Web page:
In nature one encounters all sorts of different animals intermingling without any apparent law or order. It is necessary, therefore, with all this diversity to invent some workable system that will bring cosmos out of chaos and make “type study” possible, otherwise confusion is inevitable and the effort to become familiar with all living things is hopeless.
First of all it is essential to become acquainted with as many kinds of animals as possible, not alone through pictures and names of animals that live so dreary a life in textbooks, but through actual acquaintance with real animals. Taxonomy, or classification of animals and plants, is dull and without point until one has gained a personal acquaintance with enough organisms to make it worth while. This chapter consequently should be referred to only as a last resort after various kinds of animals encountered begin to be familiar and interesting, and there is something to classify.
Classifications, it should be noted, are more than arbitrary sets of pigeon-holes labeled with forbidding technical names, in which to file away and forget our animal associates, for they involve a compact summary of knowledge concerning the origin and derivation of different organisms.
In mentally putting together animals of a kind, the ideal criterion to employ is hereditary relationship rather than external resemblance. It is the particular province of comparative morphology to discover such relationships. A whale, for example, is properly classified with mammals rather than with fishes, which it superficially resembles and with which it associates, because its common origin with animals of the mammalian type is indicated by the fundamental fact that, along with many other mammalian peculiarities, its young are born alive and fed at first upon milk.
Superficial features, like the transparency of many open-sea forms as diverse as jellyfish, shrimp, pteropod mollusks, worms, and larval fishes, or the power of aerial flight on the part of such plainly unrelated creatures as birds, bees, and bats, tell us where the animal has been spending its life, while animals as unlike in appearance as whales and bats, herons and hummingbirds, eels and flatfishes, butterflies and bedbugs, or lobsters and barnacles, belong together in any scientific classification, because each pair is built on the same fundamental plan and has a blood relationship, one with the other.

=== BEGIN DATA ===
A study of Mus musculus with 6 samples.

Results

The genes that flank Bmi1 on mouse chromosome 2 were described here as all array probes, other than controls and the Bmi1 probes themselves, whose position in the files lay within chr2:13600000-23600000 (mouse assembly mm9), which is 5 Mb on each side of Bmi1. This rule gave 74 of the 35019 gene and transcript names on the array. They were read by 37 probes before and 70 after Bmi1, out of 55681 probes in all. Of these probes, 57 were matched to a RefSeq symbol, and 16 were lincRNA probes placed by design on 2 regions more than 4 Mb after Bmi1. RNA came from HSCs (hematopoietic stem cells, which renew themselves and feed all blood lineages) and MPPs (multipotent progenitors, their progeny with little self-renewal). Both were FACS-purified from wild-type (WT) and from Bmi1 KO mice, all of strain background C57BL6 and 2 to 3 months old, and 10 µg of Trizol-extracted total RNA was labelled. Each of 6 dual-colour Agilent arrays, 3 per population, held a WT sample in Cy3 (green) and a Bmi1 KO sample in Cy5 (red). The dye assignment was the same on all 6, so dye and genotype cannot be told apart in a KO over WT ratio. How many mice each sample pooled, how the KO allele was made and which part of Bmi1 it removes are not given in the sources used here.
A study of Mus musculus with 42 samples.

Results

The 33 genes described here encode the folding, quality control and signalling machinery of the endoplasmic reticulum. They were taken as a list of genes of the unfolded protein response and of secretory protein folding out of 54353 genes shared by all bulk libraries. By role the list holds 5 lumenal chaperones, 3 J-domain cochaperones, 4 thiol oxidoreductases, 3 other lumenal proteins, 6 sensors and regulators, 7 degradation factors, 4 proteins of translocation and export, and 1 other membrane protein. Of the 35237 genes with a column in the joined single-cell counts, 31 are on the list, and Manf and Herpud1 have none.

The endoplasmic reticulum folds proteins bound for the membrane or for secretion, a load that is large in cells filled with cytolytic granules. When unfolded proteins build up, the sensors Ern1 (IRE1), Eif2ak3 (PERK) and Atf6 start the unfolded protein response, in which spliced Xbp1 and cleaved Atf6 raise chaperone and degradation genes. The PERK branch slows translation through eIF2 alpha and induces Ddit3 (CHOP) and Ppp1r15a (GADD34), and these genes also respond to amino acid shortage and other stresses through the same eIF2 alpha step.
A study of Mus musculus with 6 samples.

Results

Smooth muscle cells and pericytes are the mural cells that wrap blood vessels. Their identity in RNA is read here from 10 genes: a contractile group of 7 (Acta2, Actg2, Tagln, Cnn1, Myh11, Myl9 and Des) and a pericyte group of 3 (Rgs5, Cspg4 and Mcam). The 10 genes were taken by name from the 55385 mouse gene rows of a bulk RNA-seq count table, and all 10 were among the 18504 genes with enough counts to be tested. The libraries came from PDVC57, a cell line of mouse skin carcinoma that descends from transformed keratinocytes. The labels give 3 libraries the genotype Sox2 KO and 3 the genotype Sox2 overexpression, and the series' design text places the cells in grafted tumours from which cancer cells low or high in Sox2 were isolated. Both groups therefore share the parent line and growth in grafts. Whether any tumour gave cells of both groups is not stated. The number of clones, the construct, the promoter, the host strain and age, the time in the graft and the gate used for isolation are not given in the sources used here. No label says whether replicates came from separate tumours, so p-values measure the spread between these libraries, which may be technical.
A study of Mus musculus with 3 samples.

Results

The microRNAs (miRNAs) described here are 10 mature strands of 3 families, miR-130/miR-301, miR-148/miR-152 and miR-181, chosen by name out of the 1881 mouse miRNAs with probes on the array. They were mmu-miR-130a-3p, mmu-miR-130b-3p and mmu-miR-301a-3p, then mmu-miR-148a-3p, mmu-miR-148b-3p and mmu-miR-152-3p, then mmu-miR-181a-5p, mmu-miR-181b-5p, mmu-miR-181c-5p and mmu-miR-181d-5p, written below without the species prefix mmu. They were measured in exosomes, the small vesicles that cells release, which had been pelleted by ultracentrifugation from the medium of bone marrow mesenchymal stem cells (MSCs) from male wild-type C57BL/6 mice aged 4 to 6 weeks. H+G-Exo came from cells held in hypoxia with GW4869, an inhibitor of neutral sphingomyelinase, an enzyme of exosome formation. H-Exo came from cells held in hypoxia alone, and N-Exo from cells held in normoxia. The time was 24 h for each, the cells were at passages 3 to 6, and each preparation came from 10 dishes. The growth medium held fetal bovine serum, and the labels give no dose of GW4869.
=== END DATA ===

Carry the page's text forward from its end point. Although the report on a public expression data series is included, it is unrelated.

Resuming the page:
Owing to the incompleteness of our present knowledge about the evolution and blood relationship of animals there is still considerable uncertainty and controversy among taxonomists as to “who’s who” in any classification, and as a result several different arrangements are current in books dealing with the subject. The same scientist, as his store of knowledge grows, may change his original classification. For instance, David Starr Jordan, America’s foremost authority on the group of fishes, in a classification of North American fishes (Jordan and Copeland) in 1876, named 670 species. Twenty-two years later, in 1898, he published a new list (Jordan and Everman) including in it only 585 species in spite of the fact that meanwhile 130 new species had been brought to light.
Ward refers to two kinds of taxonomists, namely, “hair-splitters” and “lumpers,” and we are free to choose between them, for there is no indisputable hard and fast classification that we are bound to accept to the exclusion of all others.
Although opinions differ with regard to the details of systems of classification, there is substantial agreement with regard to the sequence of the following groups in which
The manner of employing these groups may be illustrated by classifying a particular individual house cat, named “Tom” (Fig. 7). It will be seen that this cat finds itself admitted successively into more and more inclusive groups, until finally, as a member of the vast animal kingdom, it has quite lost its individual importance. If now we retrace our steps in the diagram from the all-inclusive animal kingdom, we see the individuality of “Tom” gradually emerging until it may be concluded that this cat at least possesses not only the general characteristics listed in the preceding chapter as vertebrate characteristics, but also that it has the special equipment that makes it a mammal and a carnivore, like the lions, tigers, and their kind, and last of all it has an individuality that distinguishes it from all other domestic cats which are well known in their several households.
Although Darwin, who wrote The Origin of Species, was unable to define just what are the limits of a species, which is a concept that has no exact counterpart in nature, he nevertheless made it clear that a species is a real entity that outlives the separate individuals composing it. The species concept of “cats” will remain long after the individual Tom has lived out the traditional nine lives of cats and turned to dust.